Why Peace Is So Tricky for Humans

Humans are hardwired for violent conflict, as well as the ability to resolve it.
Humans are hardwired for violent conflict, as well as the ability to resolve it. (Image credit: U.S. Army | Staff Sgt. Sean A. Foley)

Like our close living relatives, chimpanzees and bonobos, humans are hardwired come into conflict with one another, often violently. Even so, like our ancestors, we also have the capacity to resolve fights; something that one anthropologist says has evolved along with our societies over the millennia.

We still have a way to go, he points out. The current system we have in place for dealing with large-scale conflict — the United Nations — is inadequate, suggests researcher Christopher Boehm who has contributed one of several essays on human conflict published in the May 18 issue of the journal Science.

"The genes are still making us do the same old things, which include quite a bit of conflict. Culture has given us solutions at various levels," said Boehm, of the department of biological sciences and anthropology at the University of Southern California, in a podcast released by the journal Science. "But the world conflict-resolution system still needs quite a bit of work." [The Evolution of Fighting]

While for the most part, national governments are fairly good at coping with internal conflicts, the UN's ability to intervene in conflicts is severely hampered, because, for example, permanent members of its Security Council are able to veto a resolution, he said. 

Deep roots

The role of third parties like the UN in resolving conflicts appears to have deep evolutionary roots. The common ancestor for humans, chimpanzees and bonobos appears to have lived in a social dominance hierarchy, a structure that leads to conflict between individuals and groups, Boehm concluded by looking at behaviors shared among the three species today. (Bonobos appear less conflict-prone than chimpanzees and human hunter-gatherers.)

Often, fighting bonobos or chimpanzees will resolve the conflict themselves, but when this doesn't happen, a third party sometimes steps up.

"One way this happens for chimpanzees and occasionally bonobos is simply a power figure threatens the two who are fighting and gets their attention and makes them stop," Boehm said.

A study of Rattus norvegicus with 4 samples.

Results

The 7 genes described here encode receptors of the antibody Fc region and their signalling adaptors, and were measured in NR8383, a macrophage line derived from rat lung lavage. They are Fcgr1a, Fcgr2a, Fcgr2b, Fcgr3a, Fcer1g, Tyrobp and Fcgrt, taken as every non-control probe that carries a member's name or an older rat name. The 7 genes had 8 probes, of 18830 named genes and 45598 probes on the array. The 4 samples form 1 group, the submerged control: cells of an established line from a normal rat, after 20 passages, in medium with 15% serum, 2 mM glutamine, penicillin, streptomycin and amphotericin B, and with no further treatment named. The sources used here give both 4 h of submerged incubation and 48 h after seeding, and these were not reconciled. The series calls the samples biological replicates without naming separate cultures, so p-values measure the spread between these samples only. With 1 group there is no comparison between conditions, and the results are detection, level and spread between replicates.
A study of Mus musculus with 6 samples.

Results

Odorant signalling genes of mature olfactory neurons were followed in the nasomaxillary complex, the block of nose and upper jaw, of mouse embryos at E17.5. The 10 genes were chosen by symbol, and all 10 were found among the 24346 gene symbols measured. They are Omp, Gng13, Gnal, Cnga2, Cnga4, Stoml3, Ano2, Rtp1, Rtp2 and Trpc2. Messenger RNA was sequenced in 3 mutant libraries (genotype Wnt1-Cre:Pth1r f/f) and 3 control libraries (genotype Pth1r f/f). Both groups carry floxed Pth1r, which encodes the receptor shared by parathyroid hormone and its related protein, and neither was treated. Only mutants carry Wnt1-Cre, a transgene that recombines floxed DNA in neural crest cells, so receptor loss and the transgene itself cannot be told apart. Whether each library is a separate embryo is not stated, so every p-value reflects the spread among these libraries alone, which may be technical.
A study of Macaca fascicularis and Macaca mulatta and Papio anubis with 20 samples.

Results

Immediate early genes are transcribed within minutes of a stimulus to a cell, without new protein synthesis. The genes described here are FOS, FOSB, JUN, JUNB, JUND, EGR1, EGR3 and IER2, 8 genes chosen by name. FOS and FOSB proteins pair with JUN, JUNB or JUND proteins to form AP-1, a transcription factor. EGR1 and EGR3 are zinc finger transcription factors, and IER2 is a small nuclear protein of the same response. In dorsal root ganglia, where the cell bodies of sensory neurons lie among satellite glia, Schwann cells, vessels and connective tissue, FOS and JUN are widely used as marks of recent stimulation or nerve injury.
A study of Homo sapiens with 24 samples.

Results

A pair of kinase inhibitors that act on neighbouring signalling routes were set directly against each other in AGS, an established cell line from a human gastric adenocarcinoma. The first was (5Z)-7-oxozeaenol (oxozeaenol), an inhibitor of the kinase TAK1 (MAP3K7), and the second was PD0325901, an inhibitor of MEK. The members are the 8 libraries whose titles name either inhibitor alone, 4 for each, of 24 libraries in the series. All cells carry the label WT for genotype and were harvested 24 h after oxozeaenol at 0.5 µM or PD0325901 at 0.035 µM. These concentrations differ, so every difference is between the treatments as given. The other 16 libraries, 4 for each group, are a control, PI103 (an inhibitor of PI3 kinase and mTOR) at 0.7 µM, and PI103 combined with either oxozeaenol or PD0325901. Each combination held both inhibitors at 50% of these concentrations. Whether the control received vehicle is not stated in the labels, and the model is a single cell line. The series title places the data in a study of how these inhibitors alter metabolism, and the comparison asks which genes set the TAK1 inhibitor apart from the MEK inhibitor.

To get an idea of how hunter-gatherers living about 45,000 years ago dealt with conflict, Boehm looked to modern hunter-gatherer societies. [The Awá Gallery: Faces of a Hunter-Gatherer Tribe]

While humans at this time retained the capacity for violent conflict shared by their ancestors, the dynamics had changed. Humans had an understanding of death and they had weapons. They temporarily lost the alpha-male role and became more egalitarian, living in small bands; they also became moral, following rules because group values support them, rather than simply out of a fear of power, Boehm writes. 

Hunter-gatherers have high rates of homicide, comparable to those of a large modern city, he said. Their egalitarian social structure, however, means there is no strong figure to intervene in fights, so people often try to head off a fight before it starts, he said.

Evolving solutions

But the loose social structure also offers a solution; those involved in conflicts can join a new band far away. This changed in time.

"Our cultural evolution has involved living in much more large and dense populations, and with larger populations come a greater need for command and control at the political center," he said.

Because moving away is no longer an option for them, tribal farmers grant some authority to a chief, allowing him to stop conflicts. Over time, this trend toward centralized power continued, chiefdoms turned into kingdoms, which led to early states and eventually modern nations.

Conflict management could then be delegated to police, courts and political figures, and in some cases, armies could intervene.

As for conflict between groups (rather than within them), humans, like chimpanzees, and bonobos to a lesser degree, fight with their neighbors. In the modern world, nations devote considerable resources to preparing for war, and small wars are waged frequently. However, like hunter-gatherers, nations can use truces and treaties to resolve them, Boehm writes.

Do you think world peace is possible?

"In the foreseeable future, the human capacity for political problem-solving will continue to be tested, with an ancient capacity for conflict management providing an important tool in international politics," he writes.

You can follow LiveScience senior writer Wynne Parry on Twitter @Wynne_Parry. Follow LiveScience for the latest in science news and discoveries on Twitter @livescience and on Facebook.

Wynne Parry
Wynne was a reporter at The Stamford Advocate. She has interned at Discover magazine and has freelanced for The New York Times and Scientific American's web site. She has a masters in journalism from Columbia University and a bachelor's degree in biology from the University of Utah.